Creatine is a natural substance found in certain meats and fish and also produced by the human body. It is also consumed in supplement form, most often by strength-training athletes and bodybuilders. A misconception of creatine is that it burns fat directly when in fact that’s not its purpose at all. However, creatine can help to burn fat in an indirect way as part of a consistent resistance training program. Consult your doctor prior to starting a creatine regimen.
Creatine is a nitrogenous acid stored in muscle tissue; in the body it’s known as phosphocreatine. When creating is broken down in the muscle tissue, it forms the muscle’s most important source of energy called ATP. Creatine stores are often used up after an intense resistance training workout -- such as lifting weights -- and a creatine supplement helps to quickly restore the body’s supply. According to the University of Illinois McKinley Health Center, creatine supplementation is not effective for endurance athletes or sedentary people. It’s also not effective at burning fat directly.
Following the correct dosage requirements of creatine can help maximize your results and minimize health risks. McKinley Health Center recommends consuming 20 to 25 grams of creatine per day for a period of five to seven days; each dose must be consumed in 5 gram increments spread equally throughout the day. After the first week, consume 3 to 5 grams per day. While the creatine will not directly burn body fat, it can help you build muscle and tone your body more effectively.
The indirect effect creatine can have on fat-burning is related to the supplement’s proven ability to help you build muscle. According to a report in the July-December issue of the "Journal of Midlife Health," increasing your muscle mass is a powerful way to burn fat because muscle tissue naturally burns more calories than fatty tissue. In other words, as creatine helps to speed up your muscle gains, your body will burn more calories due to the increase in lean muscle mass. That’s how creatine can indirectly help you lose weight over time.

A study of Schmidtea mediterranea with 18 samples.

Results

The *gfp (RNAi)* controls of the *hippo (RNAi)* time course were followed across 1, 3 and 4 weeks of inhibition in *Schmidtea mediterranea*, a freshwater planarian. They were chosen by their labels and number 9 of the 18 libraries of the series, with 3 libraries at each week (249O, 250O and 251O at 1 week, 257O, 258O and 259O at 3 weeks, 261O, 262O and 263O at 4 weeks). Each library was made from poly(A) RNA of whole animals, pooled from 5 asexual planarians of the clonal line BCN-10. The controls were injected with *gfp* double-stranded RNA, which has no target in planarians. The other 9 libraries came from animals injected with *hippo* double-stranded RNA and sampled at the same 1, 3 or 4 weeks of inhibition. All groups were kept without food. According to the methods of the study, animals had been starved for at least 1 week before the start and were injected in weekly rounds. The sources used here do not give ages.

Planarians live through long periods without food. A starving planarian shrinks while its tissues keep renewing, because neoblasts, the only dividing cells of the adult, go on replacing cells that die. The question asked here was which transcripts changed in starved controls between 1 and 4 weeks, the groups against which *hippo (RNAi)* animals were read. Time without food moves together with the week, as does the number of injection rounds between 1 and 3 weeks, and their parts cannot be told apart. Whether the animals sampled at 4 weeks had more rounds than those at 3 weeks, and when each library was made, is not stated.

Creatine will not provide any indirect fat-burning benefit unless you take part in a consistent resistance training program. You must increase your lean muscle mass before any sort of fat-burning “side effect” is seen. Exercise at least three times per week for up to 60 minutes per session. Target each of your major muscle groups at least once per week, including your chest, shoulders, legs, abdominals, back and arms. Also, be sure to discuss the pros and cons of taking creatine and whether it is right for you.
The University of Maryland Medical Center cautions that extended use of creatine may have negative side effects, including the breakdown of muscle tissue and kidney failure. Other potential side effects are an irregular heartbeat, high blood pressure, liver problems and stomach upset. Never take more than the recommended dose of creatine, and if you experience any side effects then discontinue use and contact your physician.